Your Brain & Spirituality

 In General

We are excited to share that ARPF Scientific Advisory Council Member, Andrew Newberg, MD published a fascinating article called Mind and God: The new science of neurotheology.

Neurotheology refers to studying the relationship between the brain and our religious and spiritual selves. The “neuro” side includes brain imaging, psychology, neurology, medicine, and even anthropology. And the “theology” side includes theology itself, but also various aspects related to religious beliefs, attitudes, practices, and experiences.

Our studies have shown that religion and spirituality are positively linked to good mental health. Now research aims to figure out how and why.

Newberg explains, “A growing number of studies have shown how spirituality and mental health are linked. Importantly, studies have shown that those who are religious and spiritual tend to have lower rates of depression, anxiety, and suicide. This is true across the age spectrum with studies of adolescents showing that religious and spiritual pursuits are protective against mental health problems. And many adults cite religious and spiritual beliefs as important for coping with various life stressors.”

This reflects our 4th Pillar of Alzheimer’s Prevention®: Spiritual Fitness. Newberg explains that going to church or other social events that are part of a religious tradition can be beneficial because social support, in and of itself, is beneficial to mental health. Newberg adds, “The more people that we have in our social support network, the better we are at coping with various life stressors including problems with jobs, relationships, or health.”

Additional Aspects of Spiritual Fitness:

  • Socialization or being with like-minded people
  • Acceptance and forgiveness of yourself and others
  • Patience and allowing yourself to be in the moment
  • Compassion and empathy towards yourself and others
  • Purpose or meaning in life via self-discovery and building your legacy
  • Sense of spirituality, regardless of origin or religion, makes you happier
  • Volunteering or service without thought of self-reward is a very beneficial, life-affirming act

Furthermore, diet and nutrition are frequently overlooked when it comes to good mental health, even though research increasingly indicates they are essential as outlined as our 1st Pillar of Prevention. Many traditions ask individuals to follow certain dietary guidelines. For example, Hindus tend to have vegetarian diets, and most research to date shows that eating a more plant-based diet with a lot of low-inflammatory foods is good not only for your body but for your brain as well. Newberg is currently performing a study with patients who have chronic concussion symptoms to determine the effect of dietary improvements on overall brain function.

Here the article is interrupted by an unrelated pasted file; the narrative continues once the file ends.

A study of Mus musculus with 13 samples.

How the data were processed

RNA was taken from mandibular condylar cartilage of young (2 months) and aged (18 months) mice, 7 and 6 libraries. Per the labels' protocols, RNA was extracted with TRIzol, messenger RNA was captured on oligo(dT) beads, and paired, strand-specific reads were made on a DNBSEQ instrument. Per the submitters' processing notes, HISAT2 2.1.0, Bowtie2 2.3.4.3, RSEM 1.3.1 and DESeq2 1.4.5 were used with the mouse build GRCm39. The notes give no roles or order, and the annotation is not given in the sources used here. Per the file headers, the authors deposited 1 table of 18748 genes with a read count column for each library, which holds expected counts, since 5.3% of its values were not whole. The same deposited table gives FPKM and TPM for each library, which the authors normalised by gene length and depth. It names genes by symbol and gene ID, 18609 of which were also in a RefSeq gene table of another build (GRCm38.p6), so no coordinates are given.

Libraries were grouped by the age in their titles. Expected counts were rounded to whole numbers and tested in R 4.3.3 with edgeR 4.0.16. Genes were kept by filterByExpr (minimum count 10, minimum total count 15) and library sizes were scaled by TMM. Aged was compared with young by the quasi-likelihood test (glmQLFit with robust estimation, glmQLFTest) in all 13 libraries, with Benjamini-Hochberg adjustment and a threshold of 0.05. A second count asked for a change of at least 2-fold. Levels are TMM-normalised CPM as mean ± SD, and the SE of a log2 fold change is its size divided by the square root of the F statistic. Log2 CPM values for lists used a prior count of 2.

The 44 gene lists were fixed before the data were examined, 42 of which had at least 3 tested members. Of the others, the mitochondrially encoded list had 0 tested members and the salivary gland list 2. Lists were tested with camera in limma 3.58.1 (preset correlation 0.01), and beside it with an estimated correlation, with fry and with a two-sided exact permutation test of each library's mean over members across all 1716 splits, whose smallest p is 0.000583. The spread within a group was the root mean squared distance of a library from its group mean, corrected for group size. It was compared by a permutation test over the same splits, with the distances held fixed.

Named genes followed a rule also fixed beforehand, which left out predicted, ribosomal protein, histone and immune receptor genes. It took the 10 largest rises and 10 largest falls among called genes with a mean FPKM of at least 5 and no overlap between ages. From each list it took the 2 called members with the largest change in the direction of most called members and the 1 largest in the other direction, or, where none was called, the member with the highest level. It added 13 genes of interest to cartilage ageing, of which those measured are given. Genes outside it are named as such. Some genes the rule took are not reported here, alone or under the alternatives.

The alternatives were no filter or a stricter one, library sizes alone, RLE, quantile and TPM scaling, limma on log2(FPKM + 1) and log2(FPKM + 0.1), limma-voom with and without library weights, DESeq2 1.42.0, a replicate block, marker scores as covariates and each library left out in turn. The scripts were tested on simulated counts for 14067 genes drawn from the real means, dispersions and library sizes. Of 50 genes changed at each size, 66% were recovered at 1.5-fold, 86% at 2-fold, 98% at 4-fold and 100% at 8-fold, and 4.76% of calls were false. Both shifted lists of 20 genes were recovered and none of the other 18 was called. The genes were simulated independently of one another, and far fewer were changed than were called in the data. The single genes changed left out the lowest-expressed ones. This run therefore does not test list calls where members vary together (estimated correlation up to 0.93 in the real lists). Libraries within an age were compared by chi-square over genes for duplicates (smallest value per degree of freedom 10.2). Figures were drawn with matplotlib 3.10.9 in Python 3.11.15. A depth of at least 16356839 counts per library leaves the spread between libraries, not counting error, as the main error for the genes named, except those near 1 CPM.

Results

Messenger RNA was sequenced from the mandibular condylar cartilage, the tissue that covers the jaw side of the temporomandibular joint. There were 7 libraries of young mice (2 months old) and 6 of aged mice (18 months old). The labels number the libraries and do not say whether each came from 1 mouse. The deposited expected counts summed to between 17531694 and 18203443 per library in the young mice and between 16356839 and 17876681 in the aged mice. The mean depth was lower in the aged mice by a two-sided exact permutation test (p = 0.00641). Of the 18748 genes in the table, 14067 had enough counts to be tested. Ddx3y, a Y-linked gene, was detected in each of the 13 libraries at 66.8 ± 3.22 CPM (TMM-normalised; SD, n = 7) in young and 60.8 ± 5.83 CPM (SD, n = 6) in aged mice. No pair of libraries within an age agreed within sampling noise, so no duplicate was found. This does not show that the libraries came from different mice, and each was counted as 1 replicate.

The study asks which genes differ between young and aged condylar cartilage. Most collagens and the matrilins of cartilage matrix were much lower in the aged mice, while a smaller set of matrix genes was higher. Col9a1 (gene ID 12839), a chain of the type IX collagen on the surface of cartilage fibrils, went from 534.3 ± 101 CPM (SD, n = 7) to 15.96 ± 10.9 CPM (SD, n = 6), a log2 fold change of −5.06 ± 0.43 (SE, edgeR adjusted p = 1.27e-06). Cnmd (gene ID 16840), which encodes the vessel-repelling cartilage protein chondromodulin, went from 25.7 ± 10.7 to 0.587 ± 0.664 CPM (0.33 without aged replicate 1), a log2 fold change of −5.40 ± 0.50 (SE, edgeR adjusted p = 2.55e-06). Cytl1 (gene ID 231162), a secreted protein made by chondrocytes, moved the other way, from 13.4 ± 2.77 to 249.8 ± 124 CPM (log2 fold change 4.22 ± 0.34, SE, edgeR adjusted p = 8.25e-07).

“Much of my research over the past 30 years has been to study the brain while people engage in different practices such as meditation or prayer. We have even observed brain changes associated with unique spiritual practices such as speaking in tongues or trance states. The brain effects related to these practices are quite remarkable and diverse. It should come as no surprise since these practices affect people on many different levels, such as the way people think, feel, and experience the world around them. Thus, we should expect to observe physiological differences in the parts of the brain involved with these practices,” Newberg added.

Meditation and prayer, and more specifically Kirtan Kriya, activate the frontal lobes as well as the language areas of the brain. Research demonstrates that this occurs not only while the practice is performed but over the long term as well. Our study of Kirtan Kriya meditation showed improvements of about 10 to 15 percent in cognition as well as reductions in stress, anxiety, and depression. These were associated with baseline changes to the brain’s frontal lobe functions, which regulate these cognitive processes and modulate emotional responses.

There are a growing number of clinical studies showing the value of spiritual practices to help people manage a variety of conditions including depression, anxiety, ADHD, Alzheimer’s, and seizure disorders. Developing a deeper sense of community, feelings of compassion, healthier dietary preferences, and a way to release stress can help your brain stay healthy and sharp.

To find out more information on Spiritual Fitness, Diet and Supplements, Kirtan Kriya, or AD prevention research, visit us at alzheimersprevention.org.

To read the full article, click here.